The planning commission in King George County, Virginia, has given the preliminary green light to proposals for a 7.5 million sq ft (697,000 sqm) data center campus that is set to be occupied by Amazon.
First reported by the Free Lance-Star, the Planning Commission recommended approval for the project, for which Amazon will be the end customer.
Birchwood Power Partners was requesting permission for an amendment to the County’s Comprehensive Plan as well as rezoning of land from Limited Agricultural (A-1) and Rural Agricultural (A-2) to Industrial District (I) zoning, as well as proffer and special exemption amendments that would clear the way for an 869-acre data center park.
“We believe the application as presented is reasonable and consistent with the county’s long-term economic development planning,” said Charlie Payne, the lawyer representing Birchwood.
Birchwood has been seeking permission to redevelop the former coal plant site for more than a year – having expanded the scope significantly since last year – but this was the first time Amazon was linked with the project.
Planning documents suggest that Birchwood is aiming to develop up to eight data center buildings totaling around four million sq ft (372,000 sqm) over a 15-year period in the initial phases. Construction is expected to begin 18-24 months after zoning permission is granted.
Further phases could see another 3.5 million sq ft (325,000 sqm) developed across several neighboring parcels of land. Preliminary plans suggest around nine smaller buildings and two more substations.
As well as three on-site substations, the campus would require new electrical distribution lines.
Staff recommended approval of all the proposals. The Planning Commission recommended that a 265-acre parcel south of Route 3 – the southern most plot in the proposal that could have hosted three buildings and a substation – not be included in the package. It also recommended to deny some requests around the substations.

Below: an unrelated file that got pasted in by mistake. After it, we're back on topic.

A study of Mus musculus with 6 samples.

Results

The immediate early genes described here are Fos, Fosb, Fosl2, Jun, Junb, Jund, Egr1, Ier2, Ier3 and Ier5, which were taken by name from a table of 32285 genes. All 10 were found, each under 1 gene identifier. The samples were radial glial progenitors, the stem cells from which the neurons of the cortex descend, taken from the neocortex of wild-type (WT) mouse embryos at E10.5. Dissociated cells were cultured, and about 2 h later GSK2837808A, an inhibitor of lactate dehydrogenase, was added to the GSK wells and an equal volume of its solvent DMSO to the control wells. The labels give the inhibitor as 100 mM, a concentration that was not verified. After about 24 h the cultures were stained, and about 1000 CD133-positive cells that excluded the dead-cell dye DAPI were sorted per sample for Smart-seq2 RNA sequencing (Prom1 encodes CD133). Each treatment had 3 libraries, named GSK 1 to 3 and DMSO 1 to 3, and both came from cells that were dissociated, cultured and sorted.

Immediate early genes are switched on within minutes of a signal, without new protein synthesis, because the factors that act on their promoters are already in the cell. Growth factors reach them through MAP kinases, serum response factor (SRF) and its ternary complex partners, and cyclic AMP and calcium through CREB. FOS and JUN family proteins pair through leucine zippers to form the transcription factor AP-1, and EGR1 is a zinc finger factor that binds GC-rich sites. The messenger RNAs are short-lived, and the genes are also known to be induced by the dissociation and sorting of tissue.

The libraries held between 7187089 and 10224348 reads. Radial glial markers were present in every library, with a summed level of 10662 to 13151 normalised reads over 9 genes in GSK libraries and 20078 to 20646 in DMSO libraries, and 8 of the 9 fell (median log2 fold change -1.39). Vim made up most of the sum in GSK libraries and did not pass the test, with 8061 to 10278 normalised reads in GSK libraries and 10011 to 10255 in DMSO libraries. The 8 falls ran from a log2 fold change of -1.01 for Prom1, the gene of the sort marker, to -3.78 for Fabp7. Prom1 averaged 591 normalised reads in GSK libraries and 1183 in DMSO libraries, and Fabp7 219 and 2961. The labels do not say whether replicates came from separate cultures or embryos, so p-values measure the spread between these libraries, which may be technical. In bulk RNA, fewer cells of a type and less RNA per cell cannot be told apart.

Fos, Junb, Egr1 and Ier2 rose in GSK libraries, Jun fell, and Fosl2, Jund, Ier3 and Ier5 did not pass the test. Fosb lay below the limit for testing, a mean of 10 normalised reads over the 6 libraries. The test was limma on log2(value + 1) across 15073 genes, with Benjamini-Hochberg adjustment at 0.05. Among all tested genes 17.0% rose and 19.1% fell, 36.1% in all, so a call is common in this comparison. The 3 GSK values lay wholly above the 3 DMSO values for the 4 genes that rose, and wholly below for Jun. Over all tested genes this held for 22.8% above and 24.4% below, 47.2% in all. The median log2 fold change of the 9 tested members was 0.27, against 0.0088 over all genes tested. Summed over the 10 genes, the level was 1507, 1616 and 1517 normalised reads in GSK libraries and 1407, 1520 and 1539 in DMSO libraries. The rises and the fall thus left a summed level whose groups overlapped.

Some officials and residents spoke out against the impact of the proposed development on the rural nature of the county.
Planner Joseph DaCorta said: “We’re giving up a significant amount of farmland inventory, some of the most beautiful farmland in Virginia.”
The plans are set to go in front of the county Board of Supervisors later this year.
A large proportion of the proposed site is the former Birchwood Power Plant. The 258MW coal plant opened in 1996 and closed in 2021. The power plant has since been decommissioned but some legacy infrastructure components remain on a portion of the land, including a rail spur and Dominion substation.
Birchwood Power Partners, part of J-Power, previously said the site would be converted into a 50MW solar farm and energy storage facility but this plan has seemingly been dropped. The company had twice previously filed and then withdrawn plans to develop the site, most recently in November 2022 with plans that would have included a data center, manufacturing, and warehouse/distribution facilities. Birchwood filed for a third time in July with this expanded proposal.
King George County is located east of Fredericksburg and borders the Potomac River. It borders Stafford, Spotsylvania, and Caroline Counties, with the Birchwood site close to the Stafford County line. Not traditionally part of Virginia's data center market, the county added data centers to its zoning ordinance in 2019.
Amazon has a significant data center presence across Virginia including in Loudoun and Fairfax Counties, and continues to build out at a rapid rate. AWS says it has invested around $35 billion in Virginia since 2006, and recently announced plans to invest an additional $35 billion by 2040.
Orange, Culpeper, Stafford, Fauquier, King George, Frederick, and Tazewell Counties have all seen data center applications filed in the last two years. Amazon is confirmed to be involved in a number of these proposals, and is rumored to be involved in more.
Earlier this year Amazon filed four applications for data center campuses in Virginia's Spotsylvania and Caroline Counties, amounting to more than 10 million square feet of development.